Molson-Miller dispute over Genuine Draft headed to court
A prolonged battle between beer giants Molson Canada and Miller Brewing Co. over who has the right to sell Miller Genuine Draft in Canada is headed to trial after the companies failed to come to an out-of-court settlement.
The two firms have been at loggerheads over the distribution of the popular beer since early in 2013 when Miller said it wanted to cancel the agreement that allows Molson to market its products in Canada.
The case was set to go to court in December, but at the last moment the companies decided they would try to reach an arrangement on their own. After four months, however, the talks have broken down and the case will head back to Ontario Superior Court once a trial date has been set.
When asked about the status of the talks, both Molson and Miller issued the same statement Tuesday saying: "The parties have been engaged in settlement discussions but have been unable to reach a settlement at this time. Therefore, we are asking the court to schedule a trial date for the matter to be heard."
Molson has had the exclusive rights to distribute Miller products – including the key Genuine Draft brand – under an arrangement that goes back decades. But Miller wants to end the deal, because it thinks it can do a better job of selling its own beer in Canada.
In January 2013 Miller gave official notice that it wanted to kill the arrangement in six months' time, but Molson said that could not be done under the terms of the contract. Molson went to court to get a temporary injunction to keep the distribution arrangement in place until the merits of the dispute could be heard in a full trial.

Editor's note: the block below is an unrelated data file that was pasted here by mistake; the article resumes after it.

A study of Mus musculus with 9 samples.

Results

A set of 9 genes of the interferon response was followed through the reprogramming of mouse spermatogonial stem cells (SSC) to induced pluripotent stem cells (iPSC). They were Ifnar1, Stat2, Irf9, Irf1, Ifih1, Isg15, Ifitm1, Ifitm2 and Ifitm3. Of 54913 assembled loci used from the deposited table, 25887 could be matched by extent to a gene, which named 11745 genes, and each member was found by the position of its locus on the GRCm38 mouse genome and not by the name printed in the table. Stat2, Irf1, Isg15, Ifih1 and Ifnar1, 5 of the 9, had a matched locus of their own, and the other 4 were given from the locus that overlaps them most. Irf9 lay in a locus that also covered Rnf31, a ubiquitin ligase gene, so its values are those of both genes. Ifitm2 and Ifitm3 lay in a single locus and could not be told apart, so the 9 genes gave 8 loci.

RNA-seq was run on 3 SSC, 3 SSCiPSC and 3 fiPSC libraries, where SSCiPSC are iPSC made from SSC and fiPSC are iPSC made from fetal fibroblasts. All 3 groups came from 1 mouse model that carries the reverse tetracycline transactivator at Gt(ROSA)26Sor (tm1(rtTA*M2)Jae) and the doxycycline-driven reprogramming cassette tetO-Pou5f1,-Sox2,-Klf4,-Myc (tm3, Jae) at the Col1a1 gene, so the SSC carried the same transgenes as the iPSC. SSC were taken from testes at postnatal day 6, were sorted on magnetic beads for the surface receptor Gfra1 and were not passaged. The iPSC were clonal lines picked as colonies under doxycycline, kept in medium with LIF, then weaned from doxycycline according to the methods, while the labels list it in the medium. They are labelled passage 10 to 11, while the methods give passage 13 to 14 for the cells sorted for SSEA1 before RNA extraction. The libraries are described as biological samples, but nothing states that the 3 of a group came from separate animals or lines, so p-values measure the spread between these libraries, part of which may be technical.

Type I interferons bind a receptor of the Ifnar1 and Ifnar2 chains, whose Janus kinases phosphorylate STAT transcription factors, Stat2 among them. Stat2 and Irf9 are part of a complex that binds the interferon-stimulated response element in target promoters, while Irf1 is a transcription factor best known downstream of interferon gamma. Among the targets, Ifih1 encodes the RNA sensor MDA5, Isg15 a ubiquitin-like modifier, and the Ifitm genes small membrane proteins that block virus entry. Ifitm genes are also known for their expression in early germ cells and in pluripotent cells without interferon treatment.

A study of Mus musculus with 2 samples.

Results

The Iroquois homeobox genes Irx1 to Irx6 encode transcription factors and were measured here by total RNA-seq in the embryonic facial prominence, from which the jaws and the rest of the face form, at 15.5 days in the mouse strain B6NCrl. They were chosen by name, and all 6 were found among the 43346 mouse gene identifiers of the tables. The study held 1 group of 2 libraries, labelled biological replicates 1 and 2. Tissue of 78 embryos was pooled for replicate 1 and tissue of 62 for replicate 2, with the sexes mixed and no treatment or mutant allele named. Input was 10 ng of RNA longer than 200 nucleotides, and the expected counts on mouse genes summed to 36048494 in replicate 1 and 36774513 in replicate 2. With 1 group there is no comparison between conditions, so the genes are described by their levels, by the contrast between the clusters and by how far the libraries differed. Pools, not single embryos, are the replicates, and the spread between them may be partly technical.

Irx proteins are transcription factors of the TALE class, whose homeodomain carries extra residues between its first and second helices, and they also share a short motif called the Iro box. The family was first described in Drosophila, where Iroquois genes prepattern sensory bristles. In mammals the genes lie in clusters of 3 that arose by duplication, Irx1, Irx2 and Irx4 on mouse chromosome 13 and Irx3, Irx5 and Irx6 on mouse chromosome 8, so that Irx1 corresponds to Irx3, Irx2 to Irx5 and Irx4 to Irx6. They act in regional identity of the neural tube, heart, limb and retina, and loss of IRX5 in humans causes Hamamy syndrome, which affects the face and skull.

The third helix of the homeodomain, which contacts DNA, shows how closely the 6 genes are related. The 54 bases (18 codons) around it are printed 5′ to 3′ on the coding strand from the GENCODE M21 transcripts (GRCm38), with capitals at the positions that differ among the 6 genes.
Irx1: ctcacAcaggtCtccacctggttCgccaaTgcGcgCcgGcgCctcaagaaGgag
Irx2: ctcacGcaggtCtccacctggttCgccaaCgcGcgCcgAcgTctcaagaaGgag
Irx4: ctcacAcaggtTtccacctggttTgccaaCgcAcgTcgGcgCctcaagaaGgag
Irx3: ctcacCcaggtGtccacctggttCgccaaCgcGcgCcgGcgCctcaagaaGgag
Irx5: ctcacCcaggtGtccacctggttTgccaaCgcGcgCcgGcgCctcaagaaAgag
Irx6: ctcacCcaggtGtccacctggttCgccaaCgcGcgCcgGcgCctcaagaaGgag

In July, a judge granted the injunction, saying Miller had the stronger case on many of the legal issues, but noting that either side might win in a trial.
The key issue in the dispute is the amount of Miller Genuine Draft that Molson has sold in Canada in recent years. From 2010 to 2012, the sales were far below the targets set out in the contract, and Miller says that gives it the right to terminate the deal.
Molson, for its part, says those targets were supposed to be renegotiated. In addition, Molson said in legal submissions, Miller Genuine Draft is a strategic brand in filling out its portfolio of beers, and losing it would cause "irreparable harm."
Molson and Miller are still partners in the United States, where they sell their products through a joint venture called MillerCoors as a means to compete more effectively with arch-rival Anheuser Busch InBev.
The two companies have fought before about their Canadian distribution deal, which has been in effect in one form or another since the 1980s. In 2005, Miller sued Molson to try to kill the contract, suggesting that Molson's merger with Coors had reduced its incentive to promote Miller brands in Canada. After more than a year of legal battles the two firms decided in 2007 to patch up the fight and extend the agreement.
Miller is owned by SABMiller PLC, based in Britain. while Molson is owned by Molson Coors Brewing Co., based in the United States.